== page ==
Public Safety

Man convicted in a Cedar Rapids fatal shooting now is charged in Arkansas slaying

Fights extradition to Little Rock, demands governor's warrant

Jacovan Bush
Jacovan Bush

CEDAR RAPIDS — A former Fairfax man, who was convicted of lesser charges in a 2008 fatal shooting in Cedar Rapids, declined Monday to waive extradition to Arkansas, where he faces charges in a 2018 fatal shooting — only a year after being paroled in the Iowa case.

Jacovan D. Bush, 31, charged in Arkansas with capital murder and aggravated robbery, is demanding a governor’s warrant, which means the Arkansas governor will have to ask Gov. Kim Reynolds to extradite Bush to Little Rock. 

6th Judicial District Judge Mary Chicchelly ordered Bush to remain in jail without bail pending a governor’s warrant, which can take up to 90 days. The judge set another extradition hearing for Feb. 26.

Bush is accused of fatally shooting Devon Howard, 23, who was found lying on the floor of his apartment with a gunshot wound Feb. 15, 2018, in Little Rock, according to a Little Rock police report filed Feb. 16, 2018. First responders tried to resuscitate him, but he died at the scene. 

Witnesses told investigators that someone had knocked on Howard’s door. When he answered, two men forced their way inside and began struggling with him, according to the Arkansas Democrat-Gazette. The witnesses scattered into separate rooms and heard a gunshot. When they returned to the living room, the men were gone and Howard was lying on the floor, police said.

Bush was captured Thursday on the Arkansas warrant in Cedar Rapids by the U.S. Marshals Service of the Northern District after they saw Bush leave a residence in the 1800 block of B Avenue NE, Deputy U.S. Marshal Nicholas Bonifazi said. Marshals, along with Cedar Rapids police officers, conducted a traffic stop after 2 p.m. in the 5100 block of First Avenue NE and arrested Bush without incident.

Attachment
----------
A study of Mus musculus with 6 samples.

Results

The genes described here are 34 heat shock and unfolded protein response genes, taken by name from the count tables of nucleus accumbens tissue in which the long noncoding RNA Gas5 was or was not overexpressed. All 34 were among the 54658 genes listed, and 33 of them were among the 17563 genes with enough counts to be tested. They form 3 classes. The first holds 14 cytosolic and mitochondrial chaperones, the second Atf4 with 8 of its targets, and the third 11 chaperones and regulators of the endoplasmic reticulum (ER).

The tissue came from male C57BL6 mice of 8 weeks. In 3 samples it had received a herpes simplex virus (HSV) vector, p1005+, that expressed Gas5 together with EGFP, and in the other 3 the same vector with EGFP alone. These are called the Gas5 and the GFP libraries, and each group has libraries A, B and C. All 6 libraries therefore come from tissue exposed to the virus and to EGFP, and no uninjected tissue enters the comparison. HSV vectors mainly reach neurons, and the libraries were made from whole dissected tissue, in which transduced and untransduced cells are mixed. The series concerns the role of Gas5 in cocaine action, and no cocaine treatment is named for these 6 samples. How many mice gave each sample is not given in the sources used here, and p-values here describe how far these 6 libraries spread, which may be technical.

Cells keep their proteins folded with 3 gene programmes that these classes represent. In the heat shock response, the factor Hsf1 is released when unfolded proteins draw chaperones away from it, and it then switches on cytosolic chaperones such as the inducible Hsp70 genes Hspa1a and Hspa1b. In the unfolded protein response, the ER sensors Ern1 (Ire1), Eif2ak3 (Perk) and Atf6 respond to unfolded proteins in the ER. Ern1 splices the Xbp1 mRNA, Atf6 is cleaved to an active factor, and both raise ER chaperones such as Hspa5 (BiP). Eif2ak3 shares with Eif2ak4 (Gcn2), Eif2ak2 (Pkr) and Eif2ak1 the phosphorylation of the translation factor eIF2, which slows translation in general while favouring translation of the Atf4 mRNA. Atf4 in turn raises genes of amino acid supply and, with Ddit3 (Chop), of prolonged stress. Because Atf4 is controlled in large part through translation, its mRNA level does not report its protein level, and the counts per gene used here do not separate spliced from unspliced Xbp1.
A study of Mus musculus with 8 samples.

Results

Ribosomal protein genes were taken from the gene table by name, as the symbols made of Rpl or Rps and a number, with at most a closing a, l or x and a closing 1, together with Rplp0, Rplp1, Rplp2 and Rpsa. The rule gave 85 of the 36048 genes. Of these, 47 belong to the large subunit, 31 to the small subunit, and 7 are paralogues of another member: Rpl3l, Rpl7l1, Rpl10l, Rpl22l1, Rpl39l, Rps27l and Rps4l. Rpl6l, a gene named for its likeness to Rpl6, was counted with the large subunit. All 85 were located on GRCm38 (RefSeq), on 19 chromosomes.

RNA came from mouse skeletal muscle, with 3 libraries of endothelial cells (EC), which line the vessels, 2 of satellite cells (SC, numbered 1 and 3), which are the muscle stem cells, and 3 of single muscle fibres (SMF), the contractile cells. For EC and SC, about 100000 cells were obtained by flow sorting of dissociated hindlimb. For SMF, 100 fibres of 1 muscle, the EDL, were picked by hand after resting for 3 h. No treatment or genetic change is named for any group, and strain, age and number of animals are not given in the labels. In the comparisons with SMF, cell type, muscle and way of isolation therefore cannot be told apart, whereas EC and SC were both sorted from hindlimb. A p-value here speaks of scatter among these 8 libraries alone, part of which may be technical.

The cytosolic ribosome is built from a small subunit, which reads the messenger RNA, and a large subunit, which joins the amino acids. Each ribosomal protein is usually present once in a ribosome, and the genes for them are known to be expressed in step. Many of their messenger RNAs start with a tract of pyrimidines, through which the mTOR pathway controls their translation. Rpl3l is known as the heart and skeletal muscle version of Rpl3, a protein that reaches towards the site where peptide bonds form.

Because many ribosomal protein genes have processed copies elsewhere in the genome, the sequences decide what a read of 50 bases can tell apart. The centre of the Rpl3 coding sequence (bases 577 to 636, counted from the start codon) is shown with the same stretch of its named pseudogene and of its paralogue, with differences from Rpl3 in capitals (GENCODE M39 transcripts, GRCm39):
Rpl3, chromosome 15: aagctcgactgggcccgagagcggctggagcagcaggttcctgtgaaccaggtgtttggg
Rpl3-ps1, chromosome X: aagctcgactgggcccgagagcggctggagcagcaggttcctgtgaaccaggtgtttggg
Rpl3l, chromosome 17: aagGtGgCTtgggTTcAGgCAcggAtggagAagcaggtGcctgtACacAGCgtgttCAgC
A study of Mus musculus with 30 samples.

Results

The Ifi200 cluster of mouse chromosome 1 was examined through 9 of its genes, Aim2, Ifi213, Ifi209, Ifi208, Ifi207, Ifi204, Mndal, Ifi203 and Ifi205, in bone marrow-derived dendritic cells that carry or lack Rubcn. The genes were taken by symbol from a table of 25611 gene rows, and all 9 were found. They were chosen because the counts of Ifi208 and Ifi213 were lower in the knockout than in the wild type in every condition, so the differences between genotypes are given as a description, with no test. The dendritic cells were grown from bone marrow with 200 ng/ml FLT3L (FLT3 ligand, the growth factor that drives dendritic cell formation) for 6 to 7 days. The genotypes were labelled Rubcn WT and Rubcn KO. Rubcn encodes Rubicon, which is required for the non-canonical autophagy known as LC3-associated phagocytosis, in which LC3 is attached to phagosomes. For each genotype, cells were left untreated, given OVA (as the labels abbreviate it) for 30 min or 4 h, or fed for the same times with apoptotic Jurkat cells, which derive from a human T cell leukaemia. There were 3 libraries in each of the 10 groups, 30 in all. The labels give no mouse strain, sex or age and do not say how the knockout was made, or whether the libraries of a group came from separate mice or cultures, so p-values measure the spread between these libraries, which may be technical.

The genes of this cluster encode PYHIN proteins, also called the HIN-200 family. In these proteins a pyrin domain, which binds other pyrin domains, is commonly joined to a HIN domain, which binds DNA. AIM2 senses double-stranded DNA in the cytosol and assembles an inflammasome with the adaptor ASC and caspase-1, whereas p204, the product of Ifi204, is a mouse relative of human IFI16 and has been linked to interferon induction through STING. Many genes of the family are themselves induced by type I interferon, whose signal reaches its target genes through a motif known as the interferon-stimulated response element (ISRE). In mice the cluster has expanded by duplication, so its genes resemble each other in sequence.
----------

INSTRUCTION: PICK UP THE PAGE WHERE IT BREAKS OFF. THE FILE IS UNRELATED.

Officer Eric Barnes, a spokesman for the Little Rock Police Department, told the Arkansas Democrat-Gazette that Bush had moved to Cedar Rapids shortly after the shooting. 

Bonifazi said the U.S. Marshals Service Eastern Arkansas Fugitive Task Force began the hunt for Bush in early January after it identified a few of his associates. Working with marshals in Iowa, they found a possible address for Bush in the 1800 block of B Avenue NE.

Bush was sentenced to prison in 2010 for voluntary manslaughter, intimidation with a dangerous weapon and going armed with intent in the fatal shooting of Thomas Horvath, 19, on April 15, 2008. Horvath was shot in the abdomen and head. He died the next day.

Bush, who pleaded to amended charges after his first-degree murder conviction was overturned on appeal, became eligible for parole after serving four years in prison and was released on parole in February 2017. He completed his parole Aug. 28 of last year.

During the plea hearing in 2013, Bush admitted to shooting Horvath during a fist fight between his friends and Horvath’s friends in the Raintree Apartments' parking lot. The fight started over a busted car light. .

Bush, in the plea, admitted to bringing a gun and firing into the crowd. He threatened Horvath and said he intended for one of the shots to hit him.

Bush was convicted by a jury for first-degree murder in November 2008, but he was granted an appeal in 2012 and was granted a new trial based on inadmissible evidence. The prosecution called three witnesses at trial who identified Bush as the shooter in statements to police after the incident, but they recanted those statements before trial.

The plea was offered because the prosecution wouldn’t be allowed to call those witnesses at the retrial, which would hurt the case, Linn County Attorney Jerry Vander Sanden said at the time. Vander Sanden discussed it with Horvath’s family and explained the risks of going to trial again.

A Iowa Court of Appeals ruling found Vander Sanden “orchestrated this series of events” to get evidence into testimony that otherwise wouldn’t have been allowed. Vander Sanden, who was first assistant attorney in 2008, said he was calling them only for impeachment purposes to prove Bush was the shooter. There was another witness who would identify Bush as the shooter.

The appeals court said Vander Sanden didn’t tell the jury he was calling the three as fact witnesses to complete the story of the crime. He said the three would identify Bush as the shooter.